Study Agriculture

Careers for agriculture majors are varied, and may include working with the land, sea, forests, animals, labs and humans. As an international student looking for a job in agriculture, you will have to decide first if you want to work with humans, animals or the land. Next, you will need to determine if they want to work for a private/nonprofit organization or governmental agency. These decisions will make it much easier to find the perfect fit for you.

When it comes to careers for agriculture majors, international students can find themselves working daily with the land, sea, forests, animals, labs and humans. The options are limitless! Once you’ve narrowed down the field within agriculture you’d like to pursue, the next step is deciding where. Whether government agencies sound like a good fit, or perhaps a non-profit organization, we will explore what career options exist and if they may be right for you.

Working With Humans

Working with humans can mean being a teacher, nutritionist, or a financial planner for farmers. All of these careers for agricultural majors require a great deal of human interaction. If you are interested in becoming a teacher, international students can explore a range of options from teaching at the elementary, middle, high school or even college level. Teacher positions can also be found at a private school, zoo,park or even museum in the education outreach programs.

A nutritionist works with animal nutrition, food nutrition, public health nutrition and nutrition science. In general, a nutritionist studies how food affects the health of humans and animals. Nutritionists work in schools, hospitals, universities, public health, private practices or governmental organizations.

Farmers have assets consisting of cash, land and equipment. A financial planner for farmers can help them with managing their cash. Examples could be: retirement planning, setting financial goals, decreasing debt, increasing savings and establishing an estate plan which would involve all their assets of cash, land and equipment.

Working With Animals

Working with animals can mean working as a farmer, dairy manager, or veterinarian, just to name a few. With any of these careers, you will need to be able to interact with both animals and humans.

International students who go into farming can expect to raise animals, grow crops, sell products and maintain buildings and equipment. For example, a dairy manager monitors the animals’ care, assigns feeding and cleaning of animals to others, studies the milk production records to determine the feed formulas and for breeding, and trains workers in animal care.

A veterinarian is a doctor who specializes in treating small and large animals. They can examine animals, diagnose an animal’s condition and treat them for these conditions.

Working With the Land

Working with the land may be something that international students may not have thought would be a job in agriculture. Working with the land can mean working on a golf course, national sport fields, growing crops, working in labs developing pest management products, horticulturalist, and even working at theme parks.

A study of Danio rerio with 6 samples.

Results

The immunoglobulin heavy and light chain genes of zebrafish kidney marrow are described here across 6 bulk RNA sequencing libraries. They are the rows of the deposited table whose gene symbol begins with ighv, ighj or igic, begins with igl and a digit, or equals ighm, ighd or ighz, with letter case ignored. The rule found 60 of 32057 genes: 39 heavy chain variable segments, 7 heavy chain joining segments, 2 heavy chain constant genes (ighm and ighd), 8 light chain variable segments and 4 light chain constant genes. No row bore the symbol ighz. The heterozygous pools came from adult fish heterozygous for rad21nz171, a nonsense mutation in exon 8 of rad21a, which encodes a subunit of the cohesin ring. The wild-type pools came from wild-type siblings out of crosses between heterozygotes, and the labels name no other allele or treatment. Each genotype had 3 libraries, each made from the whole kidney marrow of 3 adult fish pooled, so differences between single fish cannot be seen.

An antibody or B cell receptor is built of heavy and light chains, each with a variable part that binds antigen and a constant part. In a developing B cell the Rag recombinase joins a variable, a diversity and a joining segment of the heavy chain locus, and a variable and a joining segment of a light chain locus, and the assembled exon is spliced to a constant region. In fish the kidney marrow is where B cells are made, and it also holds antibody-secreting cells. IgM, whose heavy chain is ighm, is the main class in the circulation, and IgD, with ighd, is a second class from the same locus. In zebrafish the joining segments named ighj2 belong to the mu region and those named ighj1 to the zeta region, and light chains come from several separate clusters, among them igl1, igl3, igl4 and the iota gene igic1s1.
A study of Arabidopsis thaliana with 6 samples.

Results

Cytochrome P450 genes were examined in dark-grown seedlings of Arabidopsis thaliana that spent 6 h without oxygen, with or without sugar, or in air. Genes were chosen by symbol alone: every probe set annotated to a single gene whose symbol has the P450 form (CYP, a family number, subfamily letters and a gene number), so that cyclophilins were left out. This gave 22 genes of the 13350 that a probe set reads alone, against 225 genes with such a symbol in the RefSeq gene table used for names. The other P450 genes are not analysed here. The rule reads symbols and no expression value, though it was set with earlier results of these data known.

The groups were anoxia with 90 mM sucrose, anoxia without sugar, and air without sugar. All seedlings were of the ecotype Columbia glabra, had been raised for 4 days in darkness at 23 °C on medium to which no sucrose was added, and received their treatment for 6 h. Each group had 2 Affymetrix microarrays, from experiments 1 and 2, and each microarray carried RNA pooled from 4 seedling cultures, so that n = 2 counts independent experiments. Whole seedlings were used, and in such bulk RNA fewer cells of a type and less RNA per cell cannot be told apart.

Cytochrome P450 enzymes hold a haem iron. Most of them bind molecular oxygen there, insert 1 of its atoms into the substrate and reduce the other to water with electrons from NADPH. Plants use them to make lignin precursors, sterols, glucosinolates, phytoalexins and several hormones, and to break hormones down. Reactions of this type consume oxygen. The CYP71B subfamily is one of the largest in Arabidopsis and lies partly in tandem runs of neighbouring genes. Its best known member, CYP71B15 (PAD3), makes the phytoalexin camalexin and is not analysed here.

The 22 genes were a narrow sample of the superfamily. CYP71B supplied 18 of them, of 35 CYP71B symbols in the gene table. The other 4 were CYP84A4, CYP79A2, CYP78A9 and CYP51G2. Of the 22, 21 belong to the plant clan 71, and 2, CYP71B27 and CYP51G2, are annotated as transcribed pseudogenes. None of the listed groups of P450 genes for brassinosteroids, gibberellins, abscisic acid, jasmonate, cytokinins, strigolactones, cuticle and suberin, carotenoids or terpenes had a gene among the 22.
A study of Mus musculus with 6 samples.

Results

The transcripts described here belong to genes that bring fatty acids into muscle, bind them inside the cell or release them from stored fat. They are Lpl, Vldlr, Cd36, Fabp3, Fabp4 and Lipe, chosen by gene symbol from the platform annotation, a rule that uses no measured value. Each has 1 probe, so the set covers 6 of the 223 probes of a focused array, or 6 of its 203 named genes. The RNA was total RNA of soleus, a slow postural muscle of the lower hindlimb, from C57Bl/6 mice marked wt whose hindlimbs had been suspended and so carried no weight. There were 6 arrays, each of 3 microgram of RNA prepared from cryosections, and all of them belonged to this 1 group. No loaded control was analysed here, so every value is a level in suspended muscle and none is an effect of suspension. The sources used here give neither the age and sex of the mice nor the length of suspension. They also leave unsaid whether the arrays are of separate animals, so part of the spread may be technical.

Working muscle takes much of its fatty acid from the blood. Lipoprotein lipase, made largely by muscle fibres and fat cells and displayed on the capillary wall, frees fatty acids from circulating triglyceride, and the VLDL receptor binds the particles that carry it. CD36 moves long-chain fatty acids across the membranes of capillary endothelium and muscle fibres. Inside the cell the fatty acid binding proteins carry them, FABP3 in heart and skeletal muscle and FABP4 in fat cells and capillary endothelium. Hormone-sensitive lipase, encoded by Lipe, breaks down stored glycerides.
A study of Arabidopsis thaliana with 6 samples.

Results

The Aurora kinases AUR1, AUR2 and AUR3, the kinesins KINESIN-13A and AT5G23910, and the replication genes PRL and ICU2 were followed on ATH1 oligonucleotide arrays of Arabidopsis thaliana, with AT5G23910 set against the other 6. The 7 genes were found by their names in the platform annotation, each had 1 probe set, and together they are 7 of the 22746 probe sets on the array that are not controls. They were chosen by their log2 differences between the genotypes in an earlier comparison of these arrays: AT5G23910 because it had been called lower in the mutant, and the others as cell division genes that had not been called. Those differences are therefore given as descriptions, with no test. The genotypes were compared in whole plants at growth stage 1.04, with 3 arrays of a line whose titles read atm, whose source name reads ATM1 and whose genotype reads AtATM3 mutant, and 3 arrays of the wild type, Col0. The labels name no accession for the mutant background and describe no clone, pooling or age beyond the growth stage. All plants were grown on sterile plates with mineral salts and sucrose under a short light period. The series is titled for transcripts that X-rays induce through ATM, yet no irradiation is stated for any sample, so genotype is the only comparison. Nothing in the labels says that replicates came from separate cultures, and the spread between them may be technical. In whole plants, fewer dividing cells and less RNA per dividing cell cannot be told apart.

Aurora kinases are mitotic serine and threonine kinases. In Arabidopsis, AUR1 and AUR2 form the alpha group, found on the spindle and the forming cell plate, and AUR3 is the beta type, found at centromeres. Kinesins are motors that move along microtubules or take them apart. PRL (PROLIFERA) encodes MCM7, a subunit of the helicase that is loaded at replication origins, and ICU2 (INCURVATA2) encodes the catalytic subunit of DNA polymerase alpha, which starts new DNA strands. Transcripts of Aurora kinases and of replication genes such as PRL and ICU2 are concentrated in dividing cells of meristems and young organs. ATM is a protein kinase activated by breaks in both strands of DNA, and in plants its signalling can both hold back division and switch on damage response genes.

Private/Nonprofit Organizations vs. Government Agencies

An international student graduating with a degree in agriculture should decide if they want to work for a private/nonprofit organization or government agencies.

Within a private/nonprofit organization, there are a number of agricultural careers for international students. This could include working as a technical advisor, animal breeder, golf course landscaper, writer, program officer, researcher, trail builder, community nutritionist or natural resource manager to name a few. Educational institutions are also under the private and nonprofit organizations list of careers for agricultural majors.

One specific example of a job in agriculture with a private/nonprofit organization could be working with a program called Agriculture in the Classroom. Agriculture in the Classroom, also known as Ag in the Classroom, is a partnership with teachers—this includes formal teachers, non formal teachers and home school settings. The mission is to inspire young people to plant, nurture, appreciate and understand the value of agriculture.

Government agencies include the United States Department of Agriculture (USDA). There is a Department of Agriculture in most, if not all, countries in the world. An international student could work for GAFSP. GAFSP stands for Global Agriculture and Food Security Program. This program helps countries all over the world improve the quality and quantity of food production. Pledges made by the G20 in Pittsburgh, Pennsylvania assist in the implementation of agriculture in countries of need. This started in September 2009. The GAFSP objective is to, “address the underfunding of country and regional agriculture and food security strategic investment plans already being developed by countries in consultation with donors and other stakeholders at the country-level”.

An international student choosing a career in agriculture has decisions to make as to what aspect they want to work with: humans, animals or the land. Then they will want to choose if they want to work for themselves, private/nonprofit organization or government agencies. By making these decisions, then they can work in a job in agriculture that fits them the best.